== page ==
New Ploughshares Solo: Portrait by Kathleen Hill


Young and inexperienced, Kathleen Hill moves to newly independent Nigeria with her husband to teach at Igbobi College. It is the early 1960s, and Hill is soon caught in the swirl of the times: the legacy of colonialism, chaos back in America, and violence and racism that reach across the globe, intruding even into the calm little school where she teaches her students literature. As a way of steadying and finding herself in this new place, she begins reading Henry James’ Portrait of a Lady, and there discovers disturbing resonances with her own life. Dedicated to Chinua Achebe, “Portrait” is an essay that pays homage to a vanished world and to the great books of English literature, both old and new, in all of their glorious and complicated diversity.

Available on Amazon.com Kindle Store as a Kindle Single for $0.99.

An excerpt from the Solo:

The head boy spoke, wishing a good holiday not only to Mr. Olatunbosun but also to Mr. Esubiyi, the vice-principal, to all the masters, and last but not least to his fellow students. Then followed more English Christmas songs. For the evening’s conclusion, Mr. Amaichi, the music teacher, had written an Ibo carol, sung now to the accompaniment of Yoruba drums hung with little silver bells that jingled and shook. The drummers, students from the upper forms, bent over their instruments, gathered the strings to tighten the skins or loosen them. These were the talking drums, and the hook of a finger could elicit another tone, some other meaning entirely: as could the flats of the drummers’ palms, the fluttering tips of their fingers. Mr. Amaichi stood in front, directing the singers, his arms chopping the air, opening wide the empty spaces. The voices rose high and shrill, following the beat set for them by the drums, insistent, complicated, but seemed sometimes, by way of counterpoint, to depart from it. When everything was at its most intense—the drumming, the bells, the sure sliding voices—the music abruptly stopped. In the long silence that followed, we could hear the night creatures singing outside, could observe the light thrown by the lanterns across the yellow grass.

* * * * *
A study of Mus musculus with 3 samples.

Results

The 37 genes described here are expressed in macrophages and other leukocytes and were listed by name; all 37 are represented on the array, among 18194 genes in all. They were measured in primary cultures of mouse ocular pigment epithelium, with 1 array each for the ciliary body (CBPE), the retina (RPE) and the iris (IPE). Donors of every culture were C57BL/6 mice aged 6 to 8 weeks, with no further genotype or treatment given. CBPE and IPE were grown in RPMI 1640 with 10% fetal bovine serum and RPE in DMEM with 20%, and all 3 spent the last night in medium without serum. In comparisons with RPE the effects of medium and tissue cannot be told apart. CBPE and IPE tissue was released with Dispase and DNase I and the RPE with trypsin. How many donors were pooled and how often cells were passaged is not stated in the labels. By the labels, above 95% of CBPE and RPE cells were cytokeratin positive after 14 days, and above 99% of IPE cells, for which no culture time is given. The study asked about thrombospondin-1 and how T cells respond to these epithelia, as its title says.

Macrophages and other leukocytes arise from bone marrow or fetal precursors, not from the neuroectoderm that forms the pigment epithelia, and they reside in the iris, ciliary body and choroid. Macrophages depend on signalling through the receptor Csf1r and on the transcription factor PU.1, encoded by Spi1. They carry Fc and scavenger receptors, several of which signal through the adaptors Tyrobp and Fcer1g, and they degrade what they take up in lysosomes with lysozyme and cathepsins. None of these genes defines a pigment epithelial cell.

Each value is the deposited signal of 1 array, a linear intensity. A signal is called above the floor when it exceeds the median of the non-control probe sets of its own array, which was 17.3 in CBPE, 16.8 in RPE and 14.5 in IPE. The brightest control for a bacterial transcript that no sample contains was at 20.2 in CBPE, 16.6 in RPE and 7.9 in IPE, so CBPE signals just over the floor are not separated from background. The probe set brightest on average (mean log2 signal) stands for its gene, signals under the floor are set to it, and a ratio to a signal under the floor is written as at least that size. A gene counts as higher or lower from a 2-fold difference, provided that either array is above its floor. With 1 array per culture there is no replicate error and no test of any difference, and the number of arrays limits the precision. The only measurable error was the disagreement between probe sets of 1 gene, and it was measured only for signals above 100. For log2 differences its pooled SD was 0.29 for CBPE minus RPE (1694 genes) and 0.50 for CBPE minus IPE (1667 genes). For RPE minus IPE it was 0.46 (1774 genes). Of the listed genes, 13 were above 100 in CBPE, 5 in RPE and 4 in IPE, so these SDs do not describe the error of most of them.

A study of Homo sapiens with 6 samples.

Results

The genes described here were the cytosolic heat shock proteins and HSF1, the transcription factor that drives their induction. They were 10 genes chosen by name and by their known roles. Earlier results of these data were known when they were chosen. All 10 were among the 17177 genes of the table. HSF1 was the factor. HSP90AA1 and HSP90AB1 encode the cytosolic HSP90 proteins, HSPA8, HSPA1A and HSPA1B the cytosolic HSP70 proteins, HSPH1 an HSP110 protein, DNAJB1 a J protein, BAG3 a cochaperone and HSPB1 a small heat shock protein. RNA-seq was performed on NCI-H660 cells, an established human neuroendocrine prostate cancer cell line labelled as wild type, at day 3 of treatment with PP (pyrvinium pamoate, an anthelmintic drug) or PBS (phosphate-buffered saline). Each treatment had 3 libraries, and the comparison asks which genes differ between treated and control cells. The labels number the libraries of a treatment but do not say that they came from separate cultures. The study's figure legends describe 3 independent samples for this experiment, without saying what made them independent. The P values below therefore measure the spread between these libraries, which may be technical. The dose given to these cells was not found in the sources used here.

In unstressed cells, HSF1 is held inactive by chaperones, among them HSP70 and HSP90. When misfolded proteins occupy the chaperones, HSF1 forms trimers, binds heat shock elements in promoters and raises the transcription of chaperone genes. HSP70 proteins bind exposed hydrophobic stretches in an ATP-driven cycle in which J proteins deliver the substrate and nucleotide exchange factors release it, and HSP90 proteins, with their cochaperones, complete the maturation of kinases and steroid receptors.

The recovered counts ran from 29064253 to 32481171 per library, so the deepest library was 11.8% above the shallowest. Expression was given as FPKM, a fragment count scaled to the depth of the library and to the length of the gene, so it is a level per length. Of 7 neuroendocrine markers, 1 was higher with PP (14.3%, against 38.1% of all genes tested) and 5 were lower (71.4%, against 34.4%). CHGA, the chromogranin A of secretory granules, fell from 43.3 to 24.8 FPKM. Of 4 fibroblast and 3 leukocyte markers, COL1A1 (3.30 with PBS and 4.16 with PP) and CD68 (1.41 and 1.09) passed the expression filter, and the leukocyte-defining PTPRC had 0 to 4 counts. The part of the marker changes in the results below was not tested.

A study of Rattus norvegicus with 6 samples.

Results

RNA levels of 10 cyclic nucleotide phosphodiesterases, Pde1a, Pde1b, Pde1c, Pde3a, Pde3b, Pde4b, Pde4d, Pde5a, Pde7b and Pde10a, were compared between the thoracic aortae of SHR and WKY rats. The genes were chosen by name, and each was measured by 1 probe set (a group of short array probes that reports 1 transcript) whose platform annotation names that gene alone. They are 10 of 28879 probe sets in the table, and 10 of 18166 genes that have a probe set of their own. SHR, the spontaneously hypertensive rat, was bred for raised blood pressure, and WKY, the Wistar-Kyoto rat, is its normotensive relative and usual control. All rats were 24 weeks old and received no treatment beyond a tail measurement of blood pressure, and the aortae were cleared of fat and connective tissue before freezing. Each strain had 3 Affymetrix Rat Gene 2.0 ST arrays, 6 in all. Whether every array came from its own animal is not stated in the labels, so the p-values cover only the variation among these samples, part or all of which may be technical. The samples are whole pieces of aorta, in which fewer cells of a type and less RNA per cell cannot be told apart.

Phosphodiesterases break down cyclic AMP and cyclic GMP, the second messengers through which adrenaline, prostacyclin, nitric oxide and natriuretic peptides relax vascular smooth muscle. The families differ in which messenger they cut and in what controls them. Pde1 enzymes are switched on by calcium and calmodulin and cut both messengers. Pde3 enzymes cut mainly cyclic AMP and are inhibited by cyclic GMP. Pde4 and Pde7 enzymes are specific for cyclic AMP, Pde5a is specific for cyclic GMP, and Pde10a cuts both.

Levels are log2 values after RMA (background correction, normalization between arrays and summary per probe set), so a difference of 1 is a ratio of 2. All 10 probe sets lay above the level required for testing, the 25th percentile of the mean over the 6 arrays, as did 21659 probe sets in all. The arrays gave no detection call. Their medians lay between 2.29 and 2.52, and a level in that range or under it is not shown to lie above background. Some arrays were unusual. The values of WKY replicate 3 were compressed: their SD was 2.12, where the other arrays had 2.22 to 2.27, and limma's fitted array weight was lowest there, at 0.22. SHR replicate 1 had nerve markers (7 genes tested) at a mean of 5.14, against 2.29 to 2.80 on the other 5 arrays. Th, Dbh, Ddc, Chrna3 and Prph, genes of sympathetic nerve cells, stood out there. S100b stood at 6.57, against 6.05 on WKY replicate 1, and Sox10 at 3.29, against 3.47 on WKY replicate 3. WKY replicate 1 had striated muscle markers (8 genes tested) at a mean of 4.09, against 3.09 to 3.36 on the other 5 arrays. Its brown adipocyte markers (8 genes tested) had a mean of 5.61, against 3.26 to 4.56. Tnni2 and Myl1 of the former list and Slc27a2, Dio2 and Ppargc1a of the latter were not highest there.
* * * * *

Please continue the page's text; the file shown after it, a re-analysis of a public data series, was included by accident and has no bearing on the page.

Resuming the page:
About the Author

Kathleen Hill’s novel Still Waters in Niger was nominated for the International IMPAC Dublin Literary Award and named a Notable Book of the Year by The New York Times, Los Angeles Times, and Chicago Tribune; the French translation, Eaux Tranquilles, was shortlisted for the Prix Femina Étranger. Who Occupies This House, a second novel, was named an Editors’ Choice at The New York Times. Her work has appeared in Best American Short Stories 2000, Pushcart Prize XXV, and The Pushcart Book of Short Stories. A short piece, “Forgiveness,” was recently included in Best Spiritual Writing, 2013.

Interested in submitting a story for the series?

If you have a longer story or essay — roughly 6,000 to 25,000 words — please read our guidelines and submit online.  Make sure you select “Pshares Solos: Long Story/Novella” from the drop down box under “genre.”